If you’ve ever walked past Crumbs & Whiskers on M Street in Georgetown late at night, a peek through the windows reveals an astonishing sight—30 cats lounging about on an array of bougie benches and plush pillows. Luckily for local cat lovers and those enchanted by this sight, DC’s first cat cafe reopened in June—now with a goal to save 500 cats by Labor Day.
Crumbs & Whiskers first opened in 2015; after closing due to the pandemic, the cats are making a comeback. The cafe runs on a simple system: Customers pay $15 to $35, depending on how long they want to stay. For example, $35 buys a 70-minute kitten “extravagance.”
During a visit, customers can interact with any of the 30 cats as well as order goodies off a small menu from Crumbs & Whiskers’ food partner, Dog Tag bakery. Customers can even adopt a kitten—the cafe sources its cats from the local Homeward Trails Animal Rescue. Cats don’t stay long; according to Crumbs & Whiskers founder and CEO Kanchan Singh, cats stay—at most—a month and a half before they’re adopted.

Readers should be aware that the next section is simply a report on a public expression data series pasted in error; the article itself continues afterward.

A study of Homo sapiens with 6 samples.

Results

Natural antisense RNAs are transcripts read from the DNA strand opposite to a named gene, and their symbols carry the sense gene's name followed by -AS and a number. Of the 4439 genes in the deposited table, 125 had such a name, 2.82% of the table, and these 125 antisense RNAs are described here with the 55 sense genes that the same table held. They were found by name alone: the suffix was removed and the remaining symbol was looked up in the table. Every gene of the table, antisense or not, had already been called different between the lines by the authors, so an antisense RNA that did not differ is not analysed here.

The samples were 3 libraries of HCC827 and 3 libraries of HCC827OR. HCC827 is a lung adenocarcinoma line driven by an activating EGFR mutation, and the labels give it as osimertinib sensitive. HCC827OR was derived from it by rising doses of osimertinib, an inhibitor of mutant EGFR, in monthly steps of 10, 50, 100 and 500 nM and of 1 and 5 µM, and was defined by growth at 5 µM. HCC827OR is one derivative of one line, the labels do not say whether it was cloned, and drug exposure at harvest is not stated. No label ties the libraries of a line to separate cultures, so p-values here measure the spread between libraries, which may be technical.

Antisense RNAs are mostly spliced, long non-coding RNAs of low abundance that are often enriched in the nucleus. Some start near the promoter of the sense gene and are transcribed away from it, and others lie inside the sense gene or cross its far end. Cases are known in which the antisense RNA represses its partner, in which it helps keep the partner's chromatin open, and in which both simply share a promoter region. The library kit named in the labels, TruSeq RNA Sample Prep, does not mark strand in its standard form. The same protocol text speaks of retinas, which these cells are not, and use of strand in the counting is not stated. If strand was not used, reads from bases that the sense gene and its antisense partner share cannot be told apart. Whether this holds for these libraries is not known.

The cafe is upping its efforts to ensure cats get into loving homes, because it is peak kitty season—April to October is when many litters are born. This increases the number of animals in rescues across the country, putting some at risk for euthanasia. To help combat that, Crumbs & Whiskers is aiming to save 500 cats this summer between its two locations in DC and Los Angeles.
So far, Crumbs & Whiskers has managed to get 20 cats adopted since its June reopening. Social media sites such as Tik Tok and Instagram have proven effective in bringing people into the store and excited about adopting.
“I have been a massive animal lover my whole life,” Singh says. After volunteering at animal shelters in her teens, she often reflected on how to revitalize the animal-adoption process. “One, just what being in a shelter does to homeless animals. It really shuts them down, and it really isn’t good for their emotional or mental health,” she says. Singh also witnessed many animals being returned because people never saw the true personality of the animal while it was in the shelter.
“It was kind of in the back of my mind: How do we have a place where people are adopting based on the personality of the cat, rather than the looks of the cat?” Singh says. After a short-lived corporate career, she opened Crumbs and Whiskers.
“The more people that come into stores and adopt,” Singh says, “the more cats we’re able to save.”
Crumbs and Whiskers is at 3109 M St NW.